Ravn is a marginal oil field located in license 5/06 in the Danish sector of the North Sea. Covering an area of 333km², the field lies in water depths of 157ft (48m) and is being developed by Wintershall Noordzee, who is also the operator.
The Ravn field is owned by a consortium of Wintershall Noordzee (63.6%) and Nordsøfonden (36.4%), and is the first field to be developed in Denmark by Wintershall Noordzee. The license for the concession was granted to the consortium in 2006.
The field development plan for Ravn was approved by the Danish Energy Agency in November 2014, which estimated the total cost to be kr1.5bn ($251.9m). Production from the field was achieved in April 2017.
The initial appraisal of the field comprised oil spill modelling, which was conducted by DNV and SINTEF, while COWI prepared the environmental impact assessment.
Ravn field discovery
The field was discovered in 1986 by drilling an exploratory well, 5504/01-02, in the production license 5/06, which was followed by the drilling of three appraisal wells Ravn-1, Ravn-2 and Ravn-3.
The slanted Ravn-3 well confirmed the presence of oil during a test drilling of the concession in 2009. The well was drilled to a depth of 4,200m using the jack-up rig Noble George Sauvageau, and is located 1.5km south of the Ravn-1 well.
Comprising layers of Triassic age and hydrocarbon-bearing Heno sandstones of Upper Jurassic age, the field contains oil and associated gas at a depth of approximately 4,200m.
Ravn field development
The Ravn oil field is being developed using an unmanned platform that is connected to a German processing platform. The hydrocarbons recovered from the field are sent to the processing platform via an 18km-long pipeline for processing and treatment.
The field is being developed in phases with the first phase utilising both German and Dutch infrastructure along with the drilling of two production wells.
The field is tied to the A6-A platform located 18km away, which was refurbished to process oil from the field as its present processing facilities are for gas condensate alone.
A total of three wells are planned to be drilled on the field with the first two completed in the first phase, while the third well is planned to be drilled in the future. Ravn A1 is a horizontal well drilled in the upper direction after the installation of the platform followed by the drilling of the Ravn A2 in the north-south direction.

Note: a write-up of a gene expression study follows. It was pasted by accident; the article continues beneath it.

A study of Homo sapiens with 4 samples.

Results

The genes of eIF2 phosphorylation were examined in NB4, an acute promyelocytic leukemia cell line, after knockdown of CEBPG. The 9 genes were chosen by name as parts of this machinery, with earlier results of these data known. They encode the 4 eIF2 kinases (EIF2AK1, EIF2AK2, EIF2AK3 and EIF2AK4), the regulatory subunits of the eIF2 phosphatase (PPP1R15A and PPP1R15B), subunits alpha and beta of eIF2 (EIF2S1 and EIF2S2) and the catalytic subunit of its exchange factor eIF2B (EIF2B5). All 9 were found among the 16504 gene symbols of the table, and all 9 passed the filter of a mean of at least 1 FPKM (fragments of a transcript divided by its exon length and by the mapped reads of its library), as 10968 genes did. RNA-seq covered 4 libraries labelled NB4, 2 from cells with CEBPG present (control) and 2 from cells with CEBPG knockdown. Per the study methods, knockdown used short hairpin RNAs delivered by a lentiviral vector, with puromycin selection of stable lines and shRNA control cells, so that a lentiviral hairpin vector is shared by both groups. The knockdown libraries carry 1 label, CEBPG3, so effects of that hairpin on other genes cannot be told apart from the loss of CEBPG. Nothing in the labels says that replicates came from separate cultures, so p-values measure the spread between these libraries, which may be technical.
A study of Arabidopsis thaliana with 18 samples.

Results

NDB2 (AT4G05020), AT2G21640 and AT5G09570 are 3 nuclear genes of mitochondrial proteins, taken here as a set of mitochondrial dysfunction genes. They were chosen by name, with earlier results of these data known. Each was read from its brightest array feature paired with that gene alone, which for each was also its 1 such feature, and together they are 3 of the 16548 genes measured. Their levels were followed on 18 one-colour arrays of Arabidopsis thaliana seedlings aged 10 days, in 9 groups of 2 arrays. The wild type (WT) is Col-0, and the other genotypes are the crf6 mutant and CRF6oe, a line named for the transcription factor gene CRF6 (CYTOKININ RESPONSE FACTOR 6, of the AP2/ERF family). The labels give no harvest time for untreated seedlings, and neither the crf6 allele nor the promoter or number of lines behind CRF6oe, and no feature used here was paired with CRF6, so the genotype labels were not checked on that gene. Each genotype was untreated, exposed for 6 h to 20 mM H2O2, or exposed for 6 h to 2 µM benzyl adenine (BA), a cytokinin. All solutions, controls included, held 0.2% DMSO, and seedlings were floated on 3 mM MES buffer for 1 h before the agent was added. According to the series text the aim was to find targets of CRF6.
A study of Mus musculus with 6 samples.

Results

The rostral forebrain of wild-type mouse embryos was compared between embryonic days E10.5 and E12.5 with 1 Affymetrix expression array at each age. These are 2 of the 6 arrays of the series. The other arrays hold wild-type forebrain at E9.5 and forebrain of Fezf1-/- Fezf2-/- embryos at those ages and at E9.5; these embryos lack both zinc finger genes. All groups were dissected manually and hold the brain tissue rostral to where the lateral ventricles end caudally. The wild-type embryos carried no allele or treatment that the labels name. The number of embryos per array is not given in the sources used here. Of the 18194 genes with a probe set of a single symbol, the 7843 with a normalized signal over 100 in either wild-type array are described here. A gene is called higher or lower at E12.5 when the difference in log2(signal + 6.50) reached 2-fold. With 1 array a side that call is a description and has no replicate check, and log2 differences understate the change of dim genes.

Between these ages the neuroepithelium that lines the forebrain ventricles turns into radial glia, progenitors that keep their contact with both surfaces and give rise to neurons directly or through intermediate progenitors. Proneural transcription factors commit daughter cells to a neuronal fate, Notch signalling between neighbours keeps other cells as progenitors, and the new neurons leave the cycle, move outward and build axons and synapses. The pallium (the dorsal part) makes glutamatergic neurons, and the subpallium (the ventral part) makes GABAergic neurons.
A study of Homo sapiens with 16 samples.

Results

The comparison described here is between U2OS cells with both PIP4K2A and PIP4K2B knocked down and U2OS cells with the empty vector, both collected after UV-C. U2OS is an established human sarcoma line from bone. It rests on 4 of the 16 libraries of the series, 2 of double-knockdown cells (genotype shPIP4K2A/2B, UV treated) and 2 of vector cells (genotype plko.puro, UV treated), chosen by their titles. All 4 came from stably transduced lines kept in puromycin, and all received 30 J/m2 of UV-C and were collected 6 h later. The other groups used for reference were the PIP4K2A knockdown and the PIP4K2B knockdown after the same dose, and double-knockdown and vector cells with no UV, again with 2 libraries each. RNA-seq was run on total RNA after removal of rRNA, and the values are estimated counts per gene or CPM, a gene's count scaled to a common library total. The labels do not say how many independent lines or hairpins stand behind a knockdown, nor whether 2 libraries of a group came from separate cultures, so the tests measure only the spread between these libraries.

A jack-up rig is being used for the drilling, while each well is estimated to be completed in approximately 90 days.
The unmanned platform was installed approximately 245km from the Danish west coast in block 5504. It is located 11.3km from the German-Danish border and adjacent to the Ravn-3 exploration well. The platform is designed to support up to three oil wells.
The minimum facility platform is a four-legged piloted jacket that includes a berth for boats, a cellar deck with electrical and instrumentation facilities, as well as a mezzanine deck with lift and wellhead. Also included on the platform are three plants and a main deck with a helideck.
The platform’s jacket has been designed to support greater topside than the one that was initially installed. This is done to accommodate future developments as the field is in its development phase and might be evaluated in a couple of years.
A floating crane was used for installing the platform, which took approximately six days for securing the infrastructure to the seabed using long iron poles.
An 18km-long pipeline transports the produced oil to the A6-A platform in the German North Sea for treatment. The 8in-diameter multi-phase pipeline is made of C-steel and covered with three-layer polypropylene anti-corrosion coating.
Treated oil and gas from the platform are supplied to the storage tank at F3B platform through an existing 4in-diamter, 118km-long pipeline before being shipped to offshore tankers.
Key players involved
A five-year contract was awarded to DNV GL for providing in-service verification work for both Ravn and A6-A platforms including independent verification of management of safety and environmentally critical elements.
JDR was selected to design and manufacture a hybrid power steel umbilical for connecting the new platform to the existing A6-A platform. The umbilical comprises hydraulic hoses, super duplex steel tubes, MV power cores and fibre-optic cables. The subsea hardware and lifecycle support was provided by JDR.
Design for the platform’s sub and deck structure was prepared by KCI consisting of a helideck, emergency shelter, control room and a mechanical lifting device.
The VBMS joint venture comprising VolkerWessels and Boskalis was awarded a contract for installation, burial, survey and pull-ins of the control umbilical. The installation was performed using a cable-laying vessel named Ndurance.